Meghan Lapp, member of Rhode Island Fisherman’s Advisory Board (Image Source: WCCO-TV video screenshot)

‘Done Playing Role in … Political Theater’: State’s entire fishing advisory board resigns in protest against offshore wind farms

Every member of the Rhode Island Fisherman’s Advisory Board resigned on Friday in protest against the offshore wind farm projects being developed along the state’s coastline.

All nine members of the fishing regulatory board quit after the Coastal Resources Management Council approved an 84-turbine Sunrise Wind project last week.

Since President Biden signed an executive order in 2021 to double offshore wind development by 2030, the Rhode Island CRMC has approved five projects.

In a letter to the CRMC executive director, Jeff Willis, the fishing advisory board members stated that they refuse to participate in the process, accusing the CRMC of making “deference to offshore wind developers its top priority regardless of the requirements of the Ocean [Special Area Management Plan].”

"I think Rhode Island seriously needs to rethink, does it want to be the Ocean State," Meghan Lapp, a member of FAB, told WJAR-TV. "Or do you want to be the Windmill State?"

FAB chair Lanny Dellinger shared the letter in ecoRI News’ opinion piece titled “Fisherman’s Advisory Board Done Playing Role in CRMC’s Political Theater.”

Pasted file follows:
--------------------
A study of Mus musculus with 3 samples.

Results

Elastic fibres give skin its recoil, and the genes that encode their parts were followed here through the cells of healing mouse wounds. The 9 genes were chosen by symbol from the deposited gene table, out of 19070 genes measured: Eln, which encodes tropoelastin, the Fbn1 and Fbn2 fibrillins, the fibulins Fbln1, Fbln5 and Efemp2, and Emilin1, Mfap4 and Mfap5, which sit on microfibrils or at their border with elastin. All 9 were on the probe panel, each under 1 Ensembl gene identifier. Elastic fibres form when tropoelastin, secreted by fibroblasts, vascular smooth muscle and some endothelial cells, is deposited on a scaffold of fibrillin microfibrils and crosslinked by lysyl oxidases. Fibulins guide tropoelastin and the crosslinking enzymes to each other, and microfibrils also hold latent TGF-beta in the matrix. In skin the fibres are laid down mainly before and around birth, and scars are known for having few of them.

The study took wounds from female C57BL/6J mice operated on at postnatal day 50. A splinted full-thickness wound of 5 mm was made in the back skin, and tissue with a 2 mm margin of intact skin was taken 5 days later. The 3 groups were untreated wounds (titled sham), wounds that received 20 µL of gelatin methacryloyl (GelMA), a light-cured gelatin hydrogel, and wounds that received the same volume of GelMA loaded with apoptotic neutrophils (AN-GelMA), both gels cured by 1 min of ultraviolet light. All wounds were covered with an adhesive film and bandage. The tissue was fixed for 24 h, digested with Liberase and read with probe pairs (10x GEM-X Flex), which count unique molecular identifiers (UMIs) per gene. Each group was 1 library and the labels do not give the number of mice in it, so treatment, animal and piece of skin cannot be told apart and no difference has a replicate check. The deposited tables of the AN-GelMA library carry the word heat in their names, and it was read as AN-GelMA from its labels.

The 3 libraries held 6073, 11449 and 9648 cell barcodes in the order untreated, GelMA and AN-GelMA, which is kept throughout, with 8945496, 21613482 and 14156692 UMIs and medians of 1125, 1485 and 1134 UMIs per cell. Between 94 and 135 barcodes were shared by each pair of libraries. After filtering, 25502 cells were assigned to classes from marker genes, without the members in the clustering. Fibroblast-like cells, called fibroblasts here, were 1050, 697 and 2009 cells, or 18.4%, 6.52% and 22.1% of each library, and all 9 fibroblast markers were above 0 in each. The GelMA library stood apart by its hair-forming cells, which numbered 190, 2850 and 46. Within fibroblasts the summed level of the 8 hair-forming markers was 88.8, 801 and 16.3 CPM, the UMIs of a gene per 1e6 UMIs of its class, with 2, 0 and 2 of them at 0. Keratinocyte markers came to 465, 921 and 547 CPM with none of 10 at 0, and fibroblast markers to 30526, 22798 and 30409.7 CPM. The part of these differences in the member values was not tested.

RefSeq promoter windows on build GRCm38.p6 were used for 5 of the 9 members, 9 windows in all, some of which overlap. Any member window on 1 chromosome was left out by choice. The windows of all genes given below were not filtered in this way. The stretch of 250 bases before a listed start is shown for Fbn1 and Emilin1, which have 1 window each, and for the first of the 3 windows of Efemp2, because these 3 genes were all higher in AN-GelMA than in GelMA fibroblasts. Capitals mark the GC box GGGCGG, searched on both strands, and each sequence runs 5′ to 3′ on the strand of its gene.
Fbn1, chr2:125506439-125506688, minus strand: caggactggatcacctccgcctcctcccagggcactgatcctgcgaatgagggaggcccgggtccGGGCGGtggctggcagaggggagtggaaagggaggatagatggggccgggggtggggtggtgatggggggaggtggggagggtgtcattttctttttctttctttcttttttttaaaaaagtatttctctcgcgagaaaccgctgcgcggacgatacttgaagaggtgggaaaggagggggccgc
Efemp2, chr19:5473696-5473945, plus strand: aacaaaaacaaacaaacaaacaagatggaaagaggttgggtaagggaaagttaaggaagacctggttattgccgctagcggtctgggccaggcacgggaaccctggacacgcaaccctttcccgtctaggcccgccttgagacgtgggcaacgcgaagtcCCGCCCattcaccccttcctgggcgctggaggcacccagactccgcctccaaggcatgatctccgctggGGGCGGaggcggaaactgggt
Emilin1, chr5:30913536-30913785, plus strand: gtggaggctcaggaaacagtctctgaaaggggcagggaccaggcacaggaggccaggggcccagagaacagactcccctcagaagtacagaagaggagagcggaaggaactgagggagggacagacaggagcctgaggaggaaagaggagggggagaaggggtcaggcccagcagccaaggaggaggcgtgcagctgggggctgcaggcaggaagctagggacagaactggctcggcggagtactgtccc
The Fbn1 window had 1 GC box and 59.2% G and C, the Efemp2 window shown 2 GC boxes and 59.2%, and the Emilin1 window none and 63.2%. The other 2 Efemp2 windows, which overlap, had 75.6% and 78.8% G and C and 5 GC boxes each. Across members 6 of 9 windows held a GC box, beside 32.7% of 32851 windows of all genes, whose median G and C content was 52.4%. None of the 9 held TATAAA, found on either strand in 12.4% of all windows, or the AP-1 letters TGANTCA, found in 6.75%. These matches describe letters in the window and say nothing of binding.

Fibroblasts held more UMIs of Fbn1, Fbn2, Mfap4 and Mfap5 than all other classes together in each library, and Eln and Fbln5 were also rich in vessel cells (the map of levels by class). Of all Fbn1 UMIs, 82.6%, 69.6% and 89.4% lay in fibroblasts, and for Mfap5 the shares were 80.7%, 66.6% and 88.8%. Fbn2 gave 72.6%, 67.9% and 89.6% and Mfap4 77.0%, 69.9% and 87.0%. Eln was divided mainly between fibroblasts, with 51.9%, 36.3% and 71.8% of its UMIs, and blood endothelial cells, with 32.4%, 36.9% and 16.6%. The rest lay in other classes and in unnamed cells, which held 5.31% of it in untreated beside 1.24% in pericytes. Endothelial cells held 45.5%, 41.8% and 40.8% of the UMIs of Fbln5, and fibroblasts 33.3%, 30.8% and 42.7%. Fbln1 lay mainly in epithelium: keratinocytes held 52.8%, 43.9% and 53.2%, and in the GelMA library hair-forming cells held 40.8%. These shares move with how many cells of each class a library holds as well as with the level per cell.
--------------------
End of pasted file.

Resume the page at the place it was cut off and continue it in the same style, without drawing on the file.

“We as members of the FAB thought that the purpose of FAB/CRMC review was to ensure that offshore wind projects conformed to the requirements and restrictions of the Ocean SAMP. We were wrong. The Ocean SAMP process has been reduced to mere political theater, to which we refuse to lend any further credence by our presence,” FAB’s letter stated.

The advisory board claimed that the approval process had “become a mockery of what the Ocean SAMP was designed to accomplish.”

FAB accused the CRMC of not taking its regulatory role seriously and instead “advanc[ing] a policy agenda of offshore wind development above all else.” The board further stated that the CRMC had failed to consider “the cost to the environment, or the impacts to Rhode Island’s fishing industry.”

Fishermen worry that the offshore wind project will cause significant disruptions to commercial fishing. Additionally, critics continue to speculate whether the offshore wind farms are linked to the recent surge in whale deaths.

“We will not allow our names to be connected in any way to Council approvals now amounting to wholesale ocean destruction. Rhode Island is supposed to be the Ocean State, not the Windmill State,” the board concluded.

The CRMC replied to FAB in a Friday statement, noting it was “disappointed to learn of the resignation of the FAB members.”

“The FAB has provided valuable information and insight to the CRMC for its federal consistency reviews of offshore wind energy projects,” the state agency continued. “While unfortunate, these resignations do not affect the CRMC’s review scope, obligations and timelines. … CRMC remains hopeful that the Rhode Island fishing community will continue to participate in the public process for reviewing offshore wind energy projects, as well as any other projects affecting the fishery resources of the State.”